Non-Conformists Don't Eat Oreos
"Oreos for college students," my roommate called them. It broke my heart. Unlike a lot of kids that grew up in the eighties, I was raised on Hydrox cookies, not the more expensive, more popular, imitation sandwich cookie that my friends ate. I saw Oreo TV commercials, T-shirts, and billboards all over the city I lived in. It raised my curiosity, but Dad would never allow Oreo's in his house... we were Hydrox people. Years later I would understand my Dad's defensiveness. I am even the same way.
I think I tasted real Oreo cookies at a friend's house when I was ten or twelve. I thought nothing of it at first... they looked just like Hydrox cookies, I figured they were ingested the same way. I did just as my friend did; we twisted apart the two chocolate layers and licked the icing out of the middle first because the icing was the best part, everyone knew that. And it tasted as good, if not better, than the cookies I was raised on. Then we put the chocolate layers back together and shoved them into our sweetened mouths. That's when I realized that I was not eating Hydrox cookies. Whoever made what I was eating had no concept of outer layers. Those precious crunchy deserts to the interior icing did nothing to live up to their sugary white predecessor. My opinion was simple: an Oreo was only half a cookie. Dipped in milk, it was tolerable; the dryness of it went away. But I still couldn't taste the chocolate. That was something only a Hydrox had.
I refused Oreos for some time after that. Even when Double Stuff Oreos came out, I felt I was the only one who knew the truth. Oreo was covering up their lack of outside cookie by adding more frosting. Of course they sold well, they were the first good ones. I still stuck to Hydrox, though, the cookie that could satisfy me with the same amount of frosting it had always had. I think that's when I started getting in trouble. I was accused of being cheap, foolish, even a communist. How could a real American not like Oreo Cookies? The thing that really makes me mad is that people didn't believe me when I said Hydrox cookies were better. I offered them one, they ate it, and stood by their original, brainwashed conclusion that Oreo's were the only real cookie out there.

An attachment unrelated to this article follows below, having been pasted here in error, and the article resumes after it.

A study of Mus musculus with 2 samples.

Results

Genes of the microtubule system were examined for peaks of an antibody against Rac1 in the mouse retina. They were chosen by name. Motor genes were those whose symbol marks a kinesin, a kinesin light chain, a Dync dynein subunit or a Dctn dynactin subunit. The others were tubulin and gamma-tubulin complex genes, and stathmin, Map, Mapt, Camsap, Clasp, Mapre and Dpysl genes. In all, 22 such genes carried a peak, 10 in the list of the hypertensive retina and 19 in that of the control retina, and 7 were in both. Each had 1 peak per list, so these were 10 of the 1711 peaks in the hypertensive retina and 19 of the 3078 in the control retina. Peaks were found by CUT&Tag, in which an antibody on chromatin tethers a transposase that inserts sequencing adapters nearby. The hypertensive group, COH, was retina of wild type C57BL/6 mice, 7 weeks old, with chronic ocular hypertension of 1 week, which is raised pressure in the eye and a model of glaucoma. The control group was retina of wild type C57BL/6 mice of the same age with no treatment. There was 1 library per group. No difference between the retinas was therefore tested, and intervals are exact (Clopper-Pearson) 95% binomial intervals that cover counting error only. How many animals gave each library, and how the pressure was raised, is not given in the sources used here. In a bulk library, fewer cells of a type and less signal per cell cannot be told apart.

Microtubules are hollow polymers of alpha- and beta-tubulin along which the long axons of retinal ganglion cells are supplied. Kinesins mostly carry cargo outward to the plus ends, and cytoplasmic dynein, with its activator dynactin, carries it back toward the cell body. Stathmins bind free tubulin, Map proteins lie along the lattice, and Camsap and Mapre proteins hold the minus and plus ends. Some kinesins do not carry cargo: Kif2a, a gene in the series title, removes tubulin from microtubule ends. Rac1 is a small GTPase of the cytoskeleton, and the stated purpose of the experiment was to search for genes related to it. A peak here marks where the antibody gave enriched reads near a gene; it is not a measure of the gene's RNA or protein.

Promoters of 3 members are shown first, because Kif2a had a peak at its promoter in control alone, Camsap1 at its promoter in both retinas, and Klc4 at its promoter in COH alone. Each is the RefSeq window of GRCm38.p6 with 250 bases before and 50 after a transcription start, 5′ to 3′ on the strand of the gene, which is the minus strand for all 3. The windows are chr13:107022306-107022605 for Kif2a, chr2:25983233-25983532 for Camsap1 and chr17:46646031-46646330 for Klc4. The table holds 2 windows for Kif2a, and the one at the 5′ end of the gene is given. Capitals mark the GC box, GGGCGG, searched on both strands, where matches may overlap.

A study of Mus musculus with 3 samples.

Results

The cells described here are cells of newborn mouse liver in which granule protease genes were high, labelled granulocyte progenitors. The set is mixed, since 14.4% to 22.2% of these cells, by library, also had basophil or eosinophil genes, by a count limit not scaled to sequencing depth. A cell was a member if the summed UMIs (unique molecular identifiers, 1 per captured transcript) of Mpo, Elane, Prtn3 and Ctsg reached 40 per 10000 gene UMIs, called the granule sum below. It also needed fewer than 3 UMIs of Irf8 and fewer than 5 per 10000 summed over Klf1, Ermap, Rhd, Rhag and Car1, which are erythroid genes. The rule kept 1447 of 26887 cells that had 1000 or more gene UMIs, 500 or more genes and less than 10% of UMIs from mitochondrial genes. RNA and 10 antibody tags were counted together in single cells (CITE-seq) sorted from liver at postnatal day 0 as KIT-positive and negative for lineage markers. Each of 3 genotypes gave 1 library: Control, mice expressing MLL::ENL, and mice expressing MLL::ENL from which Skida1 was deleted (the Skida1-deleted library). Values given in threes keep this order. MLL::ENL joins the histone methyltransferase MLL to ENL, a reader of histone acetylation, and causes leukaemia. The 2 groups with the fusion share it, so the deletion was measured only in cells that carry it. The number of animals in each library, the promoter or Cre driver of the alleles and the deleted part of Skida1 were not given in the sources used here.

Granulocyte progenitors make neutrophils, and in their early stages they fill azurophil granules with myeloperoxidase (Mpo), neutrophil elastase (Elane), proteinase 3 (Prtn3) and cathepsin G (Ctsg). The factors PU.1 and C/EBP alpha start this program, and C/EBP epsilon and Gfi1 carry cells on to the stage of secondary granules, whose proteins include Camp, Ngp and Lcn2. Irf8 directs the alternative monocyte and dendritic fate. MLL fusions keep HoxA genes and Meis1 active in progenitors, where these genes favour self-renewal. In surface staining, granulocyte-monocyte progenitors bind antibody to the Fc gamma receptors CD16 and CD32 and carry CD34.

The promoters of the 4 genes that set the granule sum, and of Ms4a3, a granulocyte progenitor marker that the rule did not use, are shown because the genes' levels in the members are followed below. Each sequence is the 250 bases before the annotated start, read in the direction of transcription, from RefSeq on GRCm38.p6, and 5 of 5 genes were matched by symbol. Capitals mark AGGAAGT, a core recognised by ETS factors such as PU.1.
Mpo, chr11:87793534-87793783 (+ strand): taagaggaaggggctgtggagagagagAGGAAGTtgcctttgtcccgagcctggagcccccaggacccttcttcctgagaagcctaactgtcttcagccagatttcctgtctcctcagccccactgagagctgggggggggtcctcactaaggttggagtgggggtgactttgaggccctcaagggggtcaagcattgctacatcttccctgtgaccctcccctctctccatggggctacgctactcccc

I went to the grocery store one day this summer and I couldn't find the Hydrox anywhere. Then I saw Droxies. I'm not really sure if they're supposed to be a replacement or what, after all, Droxies are made by Keebler and Hydrox were made by Sunshine. Either way, they don't taste the same and I'm pretty peeved about the situation. I use it as my reason to be angry at America. We're so brainwashed as kids into thinking certain things are classic and they way the world was meant to be that we consider anything else a sin. We're products of Always Coca-Cola marketing campaigns and 100 Billion Burgers Served under McDonald's golden arches. My Hydrox upbringing has made me a skeptic of everything we hold dear. I feel like those commercials for Nike and The Gap are for conformists, not me; I'm better than all of it. I've vowed never to live under one brand name. There may be something more worthwhile than what everyone else has, and I'm going to support it.
This article was originally published on my website in the fall of 2000... Droxies were taken off the shelves a couple years later. I'm now a 28-year-old electrical engineer in Wichita, Kansas, and HYDROX COOKIES ARE COMING BACK!